Monday, April 8, 2013

Thoughts on Bioshock: Infinite. Spoiler free.


It’s difficult to critique a game that receives a lot of critical acclaim across the boards, especially from one of the few people in gaming journalism I still respect. Adam Sessler of G4 and TechTV fame had nothing but good things to say about Bioshock: Infinite and his love is understandable. The game has an engaging story, interesting characters and level design detail that made me want to explore and find more and more history of the floating city of Columbia. It’s a fantastic mixture of science fiction and fantasy set in the early 1900s that doesn't rely on gimmicky steampunk to drive the science behind it.


However, I have run into an issue where a game’s variety is truly what I look for. I have ten hours logged in Bioshock: Infinite and 86 hours in Borderlands 2. I've played hours and hours of Skyrim, the Fallout series and Just Cause 2 because they give me new and interesting ways to play a game each time I create a character. One of the greatest parts of Fallout 3 is deciding who you want to be from the start, based on various skills chosen by the player in the beginning. You can roll anything from a thief to a tank. Hell, you can even set up your role as someone who only uses high tech weapons and armor, or a guy who goes around and punches the crap out of everyone.

Also present in these games is an open world element that allows the player to step away from the main story line and go exploring. This is a gaming double edged sword though. You can run around the island in Just Cause 2 and see plenty of sights, enemies and towns, but that variety means you aren’t going to have the detail and beauty of Bioshock: Infinite. Columbia is a floating city rendered beautifully. In the distance you can see fantastic architecture filling the screen with slow moving, yet impressive airships. However, that’s all it is. An impressive background you can watch from afar and never interact with unless the story is headed that way.

Things every statue of a prophet needs: Sword and Kraken-like beard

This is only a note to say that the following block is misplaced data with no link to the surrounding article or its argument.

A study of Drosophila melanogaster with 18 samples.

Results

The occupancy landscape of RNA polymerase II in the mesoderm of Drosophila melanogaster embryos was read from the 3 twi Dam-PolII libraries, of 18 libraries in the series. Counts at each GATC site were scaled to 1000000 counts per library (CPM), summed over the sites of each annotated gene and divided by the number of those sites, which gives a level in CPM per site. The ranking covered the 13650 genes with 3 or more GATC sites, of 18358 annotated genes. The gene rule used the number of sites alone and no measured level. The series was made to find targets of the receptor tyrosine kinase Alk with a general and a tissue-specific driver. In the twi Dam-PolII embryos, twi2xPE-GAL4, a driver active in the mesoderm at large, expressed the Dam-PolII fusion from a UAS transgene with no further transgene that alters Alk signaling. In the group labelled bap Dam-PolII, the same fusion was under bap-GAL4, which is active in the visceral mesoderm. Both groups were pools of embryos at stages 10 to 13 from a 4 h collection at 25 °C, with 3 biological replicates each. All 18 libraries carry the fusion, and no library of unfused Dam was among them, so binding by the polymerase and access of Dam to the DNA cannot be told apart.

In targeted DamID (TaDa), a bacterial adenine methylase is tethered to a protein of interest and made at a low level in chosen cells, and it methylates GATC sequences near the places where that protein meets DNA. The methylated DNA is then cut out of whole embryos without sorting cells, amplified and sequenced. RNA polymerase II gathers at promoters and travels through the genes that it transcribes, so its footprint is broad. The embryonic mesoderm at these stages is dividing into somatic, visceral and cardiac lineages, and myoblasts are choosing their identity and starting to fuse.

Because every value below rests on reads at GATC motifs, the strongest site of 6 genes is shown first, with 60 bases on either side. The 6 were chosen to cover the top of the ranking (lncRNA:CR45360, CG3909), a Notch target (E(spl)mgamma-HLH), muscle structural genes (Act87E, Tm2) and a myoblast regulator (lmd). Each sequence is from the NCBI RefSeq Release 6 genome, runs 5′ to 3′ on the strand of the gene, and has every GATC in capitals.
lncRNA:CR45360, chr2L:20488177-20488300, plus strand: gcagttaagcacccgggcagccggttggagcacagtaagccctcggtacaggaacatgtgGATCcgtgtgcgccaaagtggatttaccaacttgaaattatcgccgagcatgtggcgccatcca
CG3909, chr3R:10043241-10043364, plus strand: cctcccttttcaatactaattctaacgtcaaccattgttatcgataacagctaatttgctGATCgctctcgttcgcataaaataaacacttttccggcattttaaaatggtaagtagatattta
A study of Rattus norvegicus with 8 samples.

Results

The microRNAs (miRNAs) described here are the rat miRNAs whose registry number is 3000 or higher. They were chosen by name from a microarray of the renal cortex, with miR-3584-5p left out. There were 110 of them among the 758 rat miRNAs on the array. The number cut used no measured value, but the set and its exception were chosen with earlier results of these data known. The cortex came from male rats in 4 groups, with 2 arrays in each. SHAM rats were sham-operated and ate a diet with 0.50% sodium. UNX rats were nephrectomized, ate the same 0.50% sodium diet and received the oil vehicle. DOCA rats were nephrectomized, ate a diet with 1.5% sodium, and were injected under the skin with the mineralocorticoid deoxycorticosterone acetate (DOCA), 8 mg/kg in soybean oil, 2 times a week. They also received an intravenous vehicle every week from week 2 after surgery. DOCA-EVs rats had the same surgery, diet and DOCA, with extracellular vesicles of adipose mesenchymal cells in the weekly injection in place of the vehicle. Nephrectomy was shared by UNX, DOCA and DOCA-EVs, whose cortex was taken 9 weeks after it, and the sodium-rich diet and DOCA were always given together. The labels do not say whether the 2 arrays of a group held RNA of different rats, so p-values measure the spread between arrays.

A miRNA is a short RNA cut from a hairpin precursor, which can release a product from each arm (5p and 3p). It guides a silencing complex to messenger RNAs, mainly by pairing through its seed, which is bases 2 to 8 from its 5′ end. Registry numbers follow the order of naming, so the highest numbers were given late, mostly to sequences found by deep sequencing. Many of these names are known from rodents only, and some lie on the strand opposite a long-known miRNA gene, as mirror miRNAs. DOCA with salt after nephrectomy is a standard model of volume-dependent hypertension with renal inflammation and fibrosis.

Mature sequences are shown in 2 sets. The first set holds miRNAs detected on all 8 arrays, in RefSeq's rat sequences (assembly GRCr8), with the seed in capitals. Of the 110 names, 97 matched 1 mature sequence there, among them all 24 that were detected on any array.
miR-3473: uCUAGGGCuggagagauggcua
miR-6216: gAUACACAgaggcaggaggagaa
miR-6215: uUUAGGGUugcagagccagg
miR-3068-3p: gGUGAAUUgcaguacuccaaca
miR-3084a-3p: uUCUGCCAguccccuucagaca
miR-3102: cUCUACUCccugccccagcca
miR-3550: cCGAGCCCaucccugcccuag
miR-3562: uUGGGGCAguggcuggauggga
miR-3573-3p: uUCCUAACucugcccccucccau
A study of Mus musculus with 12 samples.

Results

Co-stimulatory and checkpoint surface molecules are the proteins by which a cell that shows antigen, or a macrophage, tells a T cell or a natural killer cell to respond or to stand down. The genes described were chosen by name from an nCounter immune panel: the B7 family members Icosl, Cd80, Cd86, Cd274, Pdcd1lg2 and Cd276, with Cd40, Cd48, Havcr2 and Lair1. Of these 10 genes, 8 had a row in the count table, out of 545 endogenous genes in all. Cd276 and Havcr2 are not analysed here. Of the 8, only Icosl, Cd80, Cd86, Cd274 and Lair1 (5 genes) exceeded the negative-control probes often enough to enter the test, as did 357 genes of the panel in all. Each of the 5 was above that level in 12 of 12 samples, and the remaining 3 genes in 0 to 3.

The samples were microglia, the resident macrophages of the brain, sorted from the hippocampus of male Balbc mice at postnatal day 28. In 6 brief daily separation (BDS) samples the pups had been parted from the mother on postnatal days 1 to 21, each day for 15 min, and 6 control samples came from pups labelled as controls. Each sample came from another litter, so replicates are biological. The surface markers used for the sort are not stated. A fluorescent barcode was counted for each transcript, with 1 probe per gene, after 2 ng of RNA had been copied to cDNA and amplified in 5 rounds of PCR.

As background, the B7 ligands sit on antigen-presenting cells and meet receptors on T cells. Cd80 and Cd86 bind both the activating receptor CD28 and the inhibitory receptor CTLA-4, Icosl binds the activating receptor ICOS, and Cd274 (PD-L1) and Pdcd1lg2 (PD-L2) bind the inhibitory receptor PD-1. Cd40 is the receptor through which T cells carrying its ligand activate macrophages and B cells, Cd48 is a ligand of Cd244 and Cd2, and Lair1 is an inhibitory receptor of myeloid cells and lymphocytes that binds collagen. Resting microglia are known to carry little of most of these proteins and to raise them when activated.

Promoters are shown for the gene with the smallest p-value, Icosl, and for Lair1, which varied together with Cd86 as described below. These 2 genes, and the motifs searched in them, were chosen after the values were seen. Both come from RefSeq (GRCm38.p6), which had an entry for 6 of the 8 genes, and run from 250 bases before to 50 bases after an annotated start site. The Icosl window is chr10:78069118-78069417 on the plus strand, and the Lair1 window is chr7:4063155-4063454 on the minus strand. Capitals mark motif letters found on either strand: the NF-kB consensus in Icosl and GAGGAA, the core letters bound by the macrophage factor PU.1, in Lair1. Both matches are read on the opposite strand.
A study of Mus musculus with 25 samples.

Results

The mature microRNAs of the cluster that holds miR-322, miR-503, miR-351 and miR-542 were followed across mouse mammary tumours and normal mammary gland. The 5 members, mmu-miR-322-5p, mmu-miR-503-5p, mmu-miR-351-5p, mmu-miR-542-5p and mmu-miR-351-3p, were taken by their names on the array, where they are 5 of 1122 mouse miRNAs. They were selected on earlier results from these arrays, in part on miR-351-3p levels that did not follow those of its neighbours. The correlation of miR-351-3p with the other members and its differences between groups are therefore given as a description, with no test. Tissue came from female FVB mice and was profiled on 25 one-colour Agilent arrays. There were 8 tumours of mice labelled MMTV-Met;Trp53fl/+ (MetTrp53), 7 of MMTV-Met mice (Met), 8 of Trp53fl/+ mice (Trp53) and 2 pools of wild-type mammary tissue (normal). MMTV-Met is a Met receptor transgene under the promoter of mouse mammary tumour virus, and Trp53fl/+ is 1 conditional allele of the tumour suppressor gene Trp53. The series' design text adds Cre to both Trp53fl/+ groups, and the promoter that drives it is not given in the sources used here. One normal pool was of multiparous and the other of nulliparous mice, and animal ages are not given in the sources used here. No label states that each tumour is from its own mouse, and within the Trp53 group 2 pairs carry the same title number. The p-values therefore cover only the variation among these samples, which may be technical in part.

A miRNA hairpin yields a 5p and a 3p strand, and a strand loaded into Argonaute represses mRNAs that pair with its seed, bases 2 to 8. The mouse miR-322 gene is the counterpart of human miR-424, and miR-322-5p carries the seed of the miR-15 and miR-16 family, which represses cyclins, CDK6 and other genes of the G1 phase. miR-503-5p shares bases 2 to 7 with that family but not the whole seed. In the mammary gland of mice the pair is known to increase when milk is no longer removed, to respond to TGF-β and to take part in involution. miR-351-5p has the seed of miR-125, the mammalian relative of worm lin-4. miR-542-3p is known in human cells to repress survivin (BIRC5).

Interestingly enough, my wife watched me play for a bit and one of her biggest pet peeves of gaming was mostly erased. Namely, the animations of on screen characters. Elizabeth has the look, feel and movements that are only rivaled by Disney animations, but it’s because much of her interactions are scripted. You mostly see her when there is some story to drive, but if you watch her movements during combat or while running from one place to another, she looks like every other on screen character. Basic running movements with little fluidity, hitting doors and walls at full tilt and not bouncing off with a broken nose and awkward looking head movements and steps while walking.

Of course, this is very nitpicky of me. There are some great combat mechanics added to this game, mainly what you can do with the skyhook, and Vigor powers range from very useful to downright confusing, but you can pay to advance your favorites while ignoring the rest. The same goes for firearms, of which there are numerous choices. You can only hold two at a time, but I generally rotated between four unless Elizabeth wasn't so great on finding ammunition for me during a fire fight.

Why yes, there are several racist, machine gun wielding George Washington robots peppered throughout the game
I suppose I've been spoiled by open world games these days. I may or may not do another playthrough of Bioshock: Infinite in a year or so. I figured the game would be mostly story driven based on the two games that came before it, which makes writing a review difficult. It’s easily one of my recent favorites, and the great story and atmosphere makes up quite a bit for the linear driven storyline. I may have been a bit happier had I gotten it on a Steam sale, but I don’t regret buying and playing something that will easily be a contender for game of the year.